Taliban suicide assault team strikes Kandahar police, kills 6

A heavily armed Taliban suicide assault team stormed an Afghan police compound in Kandahar City today, sparking a gun battle that resulted in the deaths of six security officials and four Taliban fighters.

The Taliban launched the attack by opening fire on the police compound with assault rifles and machineguns. After the area was cordoned, a Taliban truck bomb disguised as an ambulance pulled up outside the compound. A Taliban suicide bomber then detonated the truck to allow the three other members of the team to breach the compound.

Two of the suicide bombers then detonated their vests while the third member of the Taliban assault team exchanged gunfire with police. US attack helicopters and armored vehicles rushed to the scene to help the Afghan police repel the assault.

Four Afghan intelligence officers, a policeman, and a soldier, and four Taliban fighters were killed during the the battle.

In a statement released on their propaganda website, Voice of Jihad, the Taliban claim credit for the assault. The Taliban’s account of the attack matched press reports from Kandahar.

Today’s attack was similar to the Taliban’s Feb. 12 assault on the provincial police headquarters in Kandahar City. In that attack, a six-man-strong Taliban assault team opened fire on the headquarters from a wedding hall across the street, then maneuvered suicide bombers to attack the police. The attack killed 15 policemen, an intelligence official, and three civilians.

Radical Taliban wing linked to recent suicide assaults

Today’s attack, like previous complex suicide operations carried out by the Taliban in Kandahar this year, was likely carried out by the Mullah Dadullah Mahaz, or the Mullah Dadullah Front, a radical Taliban subgroup closely linked to al Qaeda. US military intelligence officials told The Long War Journal that this subgroup is suspected of having carried out the recent attacks in Kandahar.

The Mullah Dadullah Front is a wing of the Taliban in the south that has adopted al Qaeda’s tactics and ideology, a US intelligence official told The Long War Journal in December 2010. The Mullah Dadullah Front is led by Mullah Adbul Qayoum Zakir, the former Guantanamo Bay detainee who has since been promoted as the Taliban’s top military commander and co-leader of the Taliban’s Quetta Shura.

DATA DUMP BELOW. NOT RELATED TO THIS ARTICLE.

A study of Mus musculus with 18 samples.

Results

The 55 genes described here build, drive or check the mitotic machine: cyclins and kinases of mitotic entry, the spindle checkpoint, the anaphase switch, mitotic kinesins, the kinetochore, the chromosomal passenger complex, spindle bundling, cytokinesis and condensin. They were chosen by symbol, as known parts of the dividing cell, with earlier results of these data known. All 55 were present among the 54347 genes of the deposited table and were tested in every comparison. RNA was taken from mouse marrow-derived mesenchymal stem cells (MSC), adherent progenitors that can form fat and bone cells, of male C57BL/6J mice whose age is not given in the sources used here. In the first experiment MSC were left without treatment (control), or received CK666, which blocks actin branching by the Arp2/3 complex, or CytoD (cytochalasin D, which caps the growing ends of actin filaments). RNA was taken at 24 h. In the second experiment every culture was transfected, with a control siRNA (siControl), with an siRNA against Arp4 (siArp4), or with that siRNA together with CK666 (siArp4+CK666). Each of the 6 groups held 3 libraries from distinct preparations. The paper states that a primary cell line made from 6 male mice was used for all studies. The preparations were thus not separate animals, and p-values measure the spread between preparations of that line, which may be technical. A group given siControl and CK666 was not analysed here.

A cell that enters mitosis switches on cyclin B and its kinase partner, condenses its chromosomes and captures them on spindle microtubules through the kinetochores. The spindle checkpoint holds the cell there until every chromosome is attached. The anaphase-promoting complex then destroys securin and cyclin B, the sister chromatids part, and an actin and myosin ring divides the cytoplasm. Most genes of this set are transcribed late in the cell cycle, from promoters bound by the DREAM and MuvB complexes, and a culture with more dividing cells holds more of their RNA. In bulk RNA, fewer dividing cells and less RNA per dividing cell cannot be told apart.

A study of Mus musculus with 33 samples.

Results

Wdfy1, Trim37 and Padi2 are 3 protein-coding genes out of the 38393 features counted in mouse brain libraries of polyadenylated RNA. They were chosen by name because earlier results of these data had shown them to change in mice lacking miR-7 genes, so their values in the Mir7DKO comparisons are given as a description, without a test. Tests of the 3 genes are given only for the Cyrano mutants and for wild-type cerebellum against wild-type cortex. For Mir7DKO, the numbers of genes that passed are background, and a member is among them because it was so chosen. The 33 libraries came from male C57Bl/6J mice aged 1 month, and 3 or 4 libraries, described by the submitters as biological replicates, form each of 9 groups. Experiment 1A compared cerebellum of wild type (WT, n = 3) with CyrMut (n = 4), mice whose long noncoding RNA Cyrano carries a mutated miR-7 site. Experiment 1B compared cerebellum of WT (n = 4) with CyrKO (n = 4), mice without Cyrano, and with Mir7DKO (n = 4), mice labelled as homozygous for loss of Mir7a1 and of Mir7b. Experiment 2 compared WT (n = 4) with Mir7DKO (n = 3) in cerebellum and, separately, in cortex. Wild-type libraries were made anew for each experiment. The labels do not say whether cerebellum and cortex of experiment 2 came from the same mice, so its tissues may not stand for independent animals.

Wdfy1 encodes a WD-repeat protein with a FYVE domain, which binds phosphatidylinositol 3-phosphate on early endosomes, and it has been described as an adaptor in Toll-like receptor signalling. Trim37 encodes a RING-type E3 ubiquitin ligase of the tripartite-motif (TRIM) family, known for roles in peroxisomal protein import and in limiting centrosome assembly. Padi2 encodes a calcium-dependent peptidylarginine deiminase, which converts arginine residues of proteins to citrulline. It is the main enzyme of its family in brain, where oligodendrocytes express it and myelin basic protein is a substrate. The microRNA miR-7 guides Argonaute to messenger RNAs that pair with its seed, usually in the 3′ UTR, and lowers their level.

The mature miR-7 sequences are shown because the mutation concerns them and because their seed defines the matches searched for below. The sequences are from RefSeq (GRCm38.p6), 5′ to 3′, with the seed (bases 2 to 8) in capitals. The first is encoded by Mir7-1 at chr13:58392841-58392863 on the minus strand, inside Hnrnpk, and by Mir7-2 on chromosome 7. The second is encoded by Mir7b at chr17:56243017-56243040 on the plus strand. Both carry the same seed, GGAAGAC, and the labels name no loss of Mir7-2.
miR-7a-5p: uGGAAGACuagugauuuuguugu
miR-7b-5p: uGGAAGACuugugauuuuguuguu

In addition to the Feb. 12 suicide assault on the provincial police headquarters, the Taliban subgroup also executed a suicide attack in Kandahar’s border city of Spin Boldak on Jan. 8. In that attack the group killed 17 people, including a senior police commander allied with General Abdul Raziq, an anti-Taliban warlord in Kandahar.

Background on the situation in Kandahar

The Taliban, under a directive issued by Mullah Omar, have responded to the Coalition and Afghan offensive in the south with a campaign of violence and intimidation. Taliban fighters have been directed to “capture and kill any Afghan who is supporting and/or working for coalition forces” and the Afghan government, as well as “any Afghan women who are helping or providing information to coalition forces.”

As part of the Taliban’s counteroffensive in Kandahar, the terror group has targeted tribal leaders, politicians, and other elites for assassination. More than 20 Afghans, including the district chief for Arghandab and the deputy mayor of Kandahar City, have been killed since the spring of 2010. The Taliban’s counteroffensive is led by Mullah Muhammad Isa Akhund, the military commander for the province.

Top leaders at the International Security Assistance Force and US politicians have described Kandahar as the strategic center of the country, and said the province is key to defeating the Taliban.

Coalition and Afghan special forces have heavily targeted the Taliban’s top leadership in Kandahar and neighboring Helmand province. Scores of mid- and senior-level leaders in Kandahar have been killed or captured over the past several months, including a “key” financier for the Mullah Dadullah Front; an unnamed senior commander who operated in Panjwai and was based out of the Pakistani city of Chaman; and another senior commander who is linked to Iraq’s Qods Force.

Numerous Taliban leaders operate from Chaman, which is across the border from Spin Boldak in Kandahar. Pakistan’s military and intelligence services have allowed the Taliban to operate from Chaman and other locations, and they support Taliban operations in Afghanistan.

In an effort to curb Taliban influence, special operations raids have been carried out in support of ISAF and Afghan counterinsurgency efforts in Kandahar. Since the summer of 2010, ISAF and Afghan conventional forces have moved into the districts of Arghandab, Dand, Zhari, and Panjwai in an effort to deny the Taliban safe havens and relieve pressure on the city of Kandahar. Scores of new combat outposts now dot the region in an attempt to secure regions that have been under Taliban control for years.


Bill Roggio is a Senior Fellow at the Foundation for Defense of Democracies and the Editor of FDD's Long War Journal.